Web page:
Mayor-President Kip Holden dismissed the notion that the city-parish is in a crime emergency, but stressed the dangers of more than 100 aging bridges parishwide at a mayoral debate Friday that focused on infrastructure and development.
The four candidates — Holden, Mayor Pro Tem Mike Walker, attorney Steve Myers and businessman Gordon Mese — answered questions from the American Institute of Architects Baton Rouge chapter about topics including economic development, land use, roads and bridges.
Asked how he would approach economic development, Walker stressed that crime discourages businesses from moving to Baton Rouge, noting that murders have increased 35 percent since Holden took office in 2005.
But Holden compared Walker to Chicken Little.
“‘The sky is falling, there’s crime everywhere,’ It’s like yelling ‘fire’ in a crowded theater,” Holden said. “Well, crime is not out of control, but we’re having problems just like every other city in the United States.”
Holden also criticized Walker, who has served as a councilman for 12 years, for only making an issue of crime now that he’s seeking office.
When candidates were asked about how to address the parish’s poorly rated bridges, Holden blamed the Metro Council for not allowing voters to vote on the bond issue which would have addressed infrastructure issues like bridge repairs, traffic signalization and drainage problems.
The Metro Council last year voted against sending Holden’s $748 million bond issue to voters. Voters rejected his first two iterations of the bond issue in 2008 and 2009.
Holden told the audience that from 100 to 200 of the city-parish’s bridges are in danger of collapsing.
“God forbid a busload of children is riding on a bridge that we already know is deficient,” Holden said. “And yet every effort we take to move forward and address these problems has a roadblock.”
Holden said some surplus money in the 2013 budget will be dedicated to addressing the city-parish’s infrastructure problems.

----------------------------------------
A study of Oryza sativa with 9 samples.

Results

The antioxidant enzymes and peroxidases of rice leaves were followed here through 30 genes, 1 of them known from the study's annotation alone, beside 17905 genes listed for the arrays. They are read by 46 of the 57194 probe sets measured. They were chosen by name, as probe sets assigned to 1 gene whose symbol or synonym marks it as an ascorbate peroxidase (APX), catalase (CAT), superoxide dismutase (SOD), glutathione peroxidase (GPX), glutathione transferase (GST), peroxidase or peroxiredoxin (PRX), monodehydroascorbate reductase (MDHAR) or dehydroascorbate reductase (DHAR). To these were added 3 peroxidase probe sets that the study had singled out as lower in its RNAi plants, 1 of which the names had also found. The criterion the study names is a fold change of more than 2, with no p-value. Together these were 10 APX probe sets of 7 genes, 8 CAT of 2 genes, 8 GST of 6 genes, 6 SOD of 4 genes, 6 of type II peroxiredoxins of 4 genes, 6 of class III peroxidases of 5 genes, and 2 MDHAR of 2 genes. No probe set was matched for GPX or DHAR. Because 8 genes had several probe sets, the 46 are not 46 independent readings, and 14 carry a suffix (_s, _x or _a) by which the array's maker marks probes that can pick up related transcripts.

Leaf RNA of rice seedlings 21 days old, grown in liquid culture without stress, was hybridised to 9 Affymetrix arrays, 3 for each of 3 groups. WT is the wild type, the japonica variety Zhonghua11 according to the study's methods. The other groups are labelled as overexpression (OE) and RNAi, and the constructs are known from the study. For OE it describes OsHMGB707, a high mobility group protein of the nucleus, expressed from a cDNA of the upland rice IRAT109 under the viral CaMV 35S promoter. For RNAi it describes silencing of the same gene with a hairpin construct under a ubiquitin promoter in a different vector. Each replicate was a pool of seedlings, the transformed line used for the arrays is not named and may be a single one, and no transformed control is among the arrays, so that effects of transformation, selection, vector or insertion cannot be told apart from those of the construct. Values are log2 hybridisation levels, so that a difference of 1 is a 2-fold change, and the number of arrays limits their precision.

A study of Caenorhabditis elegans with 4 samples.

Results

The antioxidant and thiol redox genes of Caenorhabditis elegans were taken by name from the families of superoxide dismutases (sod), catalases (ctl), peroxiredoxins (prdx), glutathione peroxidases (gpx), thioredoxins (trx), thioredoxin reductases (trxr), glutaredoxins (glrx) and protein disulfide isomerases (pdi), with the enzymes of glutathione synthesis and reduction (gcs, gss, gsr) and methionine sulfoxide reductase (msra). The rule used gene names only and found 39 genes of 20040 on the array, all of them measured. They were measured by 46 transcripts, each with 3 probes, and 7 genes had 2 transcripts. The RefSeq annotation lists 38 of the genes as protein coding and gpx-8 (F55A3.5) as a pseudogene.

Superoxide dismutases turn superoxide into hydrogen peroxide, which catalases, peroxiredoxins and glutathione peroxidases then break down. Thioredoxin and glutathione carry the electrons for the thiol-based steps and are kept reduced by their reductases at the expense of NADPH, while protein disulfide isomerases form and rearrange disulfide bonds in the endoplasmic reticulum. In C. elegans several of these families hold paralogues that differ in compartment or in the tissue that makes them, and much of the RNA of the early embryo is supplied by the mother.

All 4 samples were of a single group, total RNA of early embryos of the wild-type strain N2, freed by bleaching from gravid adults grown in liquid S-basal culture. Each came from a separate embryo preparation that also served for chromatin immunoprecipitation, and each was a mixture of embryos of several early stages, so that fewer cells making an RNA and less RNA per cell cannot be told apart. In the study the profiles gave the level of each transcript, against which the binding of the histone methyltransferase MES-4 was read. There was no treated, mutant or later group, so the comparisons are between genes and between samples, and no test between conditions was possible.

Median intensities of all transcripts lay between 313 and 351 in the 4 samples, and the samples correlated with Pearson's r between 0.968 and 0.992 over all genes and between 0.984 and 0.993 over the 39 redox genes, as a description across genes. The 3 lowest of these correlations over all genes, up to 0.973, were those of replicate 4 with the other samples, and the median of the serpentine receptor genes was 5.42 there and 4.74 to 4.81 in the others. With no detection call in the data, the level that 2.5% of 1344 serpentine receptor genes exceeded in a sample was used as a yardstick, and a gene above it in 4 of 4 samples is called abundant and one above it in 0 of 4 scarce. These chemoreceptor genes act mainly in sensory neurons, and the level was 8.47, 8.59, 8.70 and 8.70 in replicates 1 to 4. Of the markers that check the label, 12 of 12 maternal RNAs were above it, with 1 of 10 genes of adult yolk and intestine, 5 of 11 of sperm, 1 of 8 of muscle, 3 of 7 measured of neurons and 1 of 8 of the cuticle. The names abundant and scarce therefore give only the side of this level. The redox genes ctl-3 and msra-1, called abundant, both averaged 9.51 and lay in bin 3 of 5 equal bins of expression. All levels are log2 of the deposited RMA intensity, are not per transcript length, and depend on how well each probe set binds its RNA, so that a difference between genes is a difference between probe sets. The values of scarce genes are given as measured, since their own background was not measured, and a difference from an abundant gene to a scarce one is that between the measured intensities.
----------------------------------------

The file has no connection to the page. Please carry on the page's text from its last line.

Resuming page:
Myers called Holden’s bridge rhetoric a “scare tactic.”
“People aren’t stupid, at least they’re not that stupid,” Myers said. “They know that if a bridge was really that unsafe, you wouldn’t let them drive over it.”
He suggested hiring a public relations person who could educate the public, “with a softer sell,” about the need for the tax.
“It’s someone who can tell them it’s going to be affordable, and it’s going to take care of us for the next 15 to 20 years, but we just can’t wait until the bridges fall apart,” Myers said.
Walker said he’d consider asking voters to extend the Green Light Plan’s half-cent sales tax to address the city-parish’s bridge problems.
Mese said public-private partnerships can be used to improve infrastructure, citing the example of when the College Drive Wal-Mart was developed.
Mese said initially, the city-parish was going to fund $500,000 of road improvements in front of the megastore. He said after he and other residents fought the city-parish, Wal-Mart ultimately funded the road improvements.
“Wal-Mart ended up investing in the community,” Mese asserted after the debate.
Mese, whose single-item platform includes reforming the parish’s Unified Development Code, said a proper UDC code could have prevented the fight over Wal-Mart’s roadwork.
“I shouldn’t have to do that as a guy selling flowers on Government Street,” said Mese, who owns a plant nursery. “My UDC should do that. My planning office should do that.”
Myers also took aim at the UDC, calling it a worse document than “Mein Kampf,” Adolf Hitler’s manifesto.
Myers, a property manager, said the UDC is “intrusive” and violates private property rights, citing the example of an ordinance that prevents three or more unrelated people from living together.
Myers, however, said he is a fan of FutureBR, which was adopted last year.
The much-lamented Unified Development Code will be aligned with the FutureBR land use policy.
“It’s amazing, but it’s a statement of policy,” Myers said, suggesting that it is vulnerable to exemptions and waivers. “It’s not a regulatory document.”
Holden said the FutureBR plan was conceived with resident input.
“This is not a government down to the people, it’s the people telling government exactly what they wanted to see,” Holden said.
He said FutureBR calls for redevelopment of the Midcity as one of its earliest focuses.
“We’re going to change the faç ade, do some streetscaping, and go out and make it a lot more attractive for business and homeowners,” Holden said.
He also said FutureBR included plans for Smiley Heights, a 200-acre development north of Florida Boulevard that will include a charter school and affordable housing.
The four candidates will face off in the Nov. 6 primary.